CPS Struggling to Control Deficit, Proposes Consolidating Neighborhood Schools
By Soyoung Kwak in News on Apr 2, 2011 6:30PM
When it rains in Chicago Public Schools land, it definitely pours: Interim Chicago Public Schools CEO Terry Mazany recently stated that the estimated deficit for CPS for the next school year is an extravagant $720 million, which is $20 million more than what the projected deficit was this past November. How does Mazany propose to control the deficit? Well, by going to teachers and their paychecks, for starters:
Mazany called for "shared sacrifice," including from teachers. Their pay raises will cost $80 million but, Mazany said, any successor to him appointed after Rahm Emanuel is seated as mayor May 16 will have to decide whether to try to re-negotiate the teachers' contract to trim that tab.
The bad news doesn't stop there. In an effort to address declining enrollment numbers at certain schools, Mazany indicated that he would look into consolidating eight public schools into six others, even "phasing out" a school along the way:
Mazany announced plans to consolidate eight schools into six others. A 15th school, Tilton, would slowly "phase out" of existence, with any new kids in its attendance area picked up by two other schools. In total, about 700 students would be routed to new buildings under the proposals, officials estimated. They projected an April school board vote on the plans, but said hearings could trigger changes.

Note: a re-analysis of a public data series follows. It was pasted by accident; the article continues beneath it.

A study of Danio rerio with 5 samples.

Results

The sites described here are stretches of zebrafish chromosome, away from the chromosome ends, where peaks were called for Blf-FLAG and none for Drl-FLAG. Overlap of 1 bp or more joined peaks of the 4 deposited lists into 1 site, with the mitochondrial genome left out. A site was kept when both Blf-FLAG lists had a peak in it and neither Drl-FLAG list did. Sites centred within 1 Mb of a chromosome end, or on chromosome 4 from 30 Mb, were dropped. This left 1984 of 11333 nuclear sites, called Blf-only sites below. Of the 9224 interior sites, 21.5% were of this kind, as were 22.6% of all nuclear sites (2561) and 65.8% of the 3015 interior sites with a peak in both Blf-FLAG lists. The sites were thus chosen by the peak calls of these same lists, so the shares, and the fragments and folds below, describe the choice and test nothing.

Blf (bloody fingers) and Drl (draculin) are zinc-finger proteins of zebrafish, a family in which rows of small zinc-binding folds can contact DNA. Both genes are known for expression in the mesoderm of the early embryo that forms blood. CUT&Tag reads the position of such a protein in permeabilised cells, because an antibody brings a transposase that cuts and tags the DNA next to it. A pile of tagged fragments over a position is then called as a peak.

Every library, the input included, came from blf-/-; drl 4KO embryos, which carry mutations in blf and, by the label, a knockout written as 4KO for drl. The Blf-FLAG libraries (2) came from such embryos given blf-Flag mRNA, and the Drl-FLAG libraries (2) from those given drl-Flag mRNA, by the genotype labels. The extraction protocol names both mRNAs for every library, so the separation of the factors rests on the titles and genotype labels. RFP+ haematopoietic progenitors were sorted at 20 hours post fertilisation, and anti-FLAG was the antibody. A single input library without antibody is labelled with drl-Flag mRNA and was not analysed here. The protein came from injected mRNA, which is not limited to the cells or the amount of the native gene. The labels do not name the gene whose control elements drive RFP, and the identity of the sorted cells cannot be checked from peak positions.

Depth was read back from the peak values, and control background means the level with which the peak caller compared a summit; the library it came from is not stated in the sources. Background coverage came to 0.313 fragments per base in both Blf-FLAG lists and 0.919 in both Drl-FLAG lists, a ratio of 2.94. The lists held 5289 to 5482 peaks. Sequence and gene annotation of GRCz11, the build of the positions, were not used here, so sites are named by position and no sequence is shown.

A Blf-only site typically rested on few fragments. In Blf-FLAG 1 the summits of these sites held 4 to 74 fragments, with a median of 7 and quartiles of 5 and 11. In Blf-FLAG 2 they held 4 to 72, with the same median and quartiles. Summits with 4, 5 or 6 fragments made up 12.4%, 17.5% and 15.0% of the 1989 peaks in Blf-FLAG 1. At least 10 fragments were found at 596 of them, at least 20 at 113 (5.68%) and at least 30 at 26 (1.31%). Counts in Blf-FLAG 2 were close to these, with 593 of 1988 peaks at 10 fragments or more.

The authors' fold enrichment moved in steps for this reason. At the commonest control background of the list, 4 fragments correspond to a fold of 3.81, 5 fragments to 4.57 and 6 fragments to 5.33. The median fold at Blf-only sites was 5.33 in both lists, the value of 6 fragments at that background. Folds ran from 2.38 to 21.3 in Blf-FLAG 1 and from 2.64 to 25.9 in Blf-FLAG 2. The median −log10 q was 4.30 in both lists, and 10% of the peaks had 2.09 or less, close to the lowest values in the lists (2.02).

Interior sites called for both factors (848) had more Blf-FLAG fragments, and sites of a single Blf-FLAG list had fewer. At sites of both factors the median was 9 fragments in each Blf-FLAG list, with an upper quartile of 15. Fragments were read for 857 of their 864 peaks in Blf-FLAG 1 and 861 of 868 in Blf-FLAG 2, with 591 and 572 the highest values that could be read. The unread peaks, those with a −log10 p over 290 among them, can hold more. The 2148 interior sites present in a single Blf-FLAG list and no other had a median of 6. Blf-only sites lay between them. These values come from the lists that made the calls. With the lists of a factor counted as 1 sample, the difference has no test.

If the school board votes this month regarding CPS' proposals and if everything is approved, the decision will affect roughly 4,800 students, eliminate 100 teaching positions as well as eliminate eight principal positions. Upset by the absence of any warning about the proposals, teachers' unions and other parties have been questioning CPS' move in announcing the proposals right before Mayor Daley leaves office and a new CEO is chosen to head the Chicago Public Schools system. The mere fact that Mazany announced these proposals in late March has caused somewhat of a commotion, as Valencia Rias, a member of the Chicago Educational Facilities Task Force, pointed out that news of consolidations, closings, and phase-outs are normally announced in January, not in March, so that families have time to apply for magnet schools or for space in other schools before the new school year began in the fall.
Moreover, Chicago Teachers Union President Karen Lewis cried foul at Mazany's announcement by stating that CPS officials violated promises by former Chicago Public Schools CEO Ron Huberman to involve the union in school shakeup decisions and to give communities earlier warning, and that CPS had a "moral obligation" to honors the promises of its former CEO. Convinced that implementing these change will bring about "long-term efficiencies," Mazany defended his proposal in response to Lewis by stating that CPS can no longer wait to take action.
If the news of school consolidations isn't enough, Mazany indicated that more "shakeups" could be possible regarding teacher "turnarounds" (where teachers at an academically-failing school are given pink slips but the students remain). Mazany said that teacher turnarounds will still be considered by the end of the current school year.
It is tough to say whether or not these changes would be enough to get CPS out of the deep end of the deficit, but Mazany's announcement is alarming and makes us wonder what the fate of CPS will be once May 16 rolls around.
(A list of some of the proposed consolidations and changes can be found here.)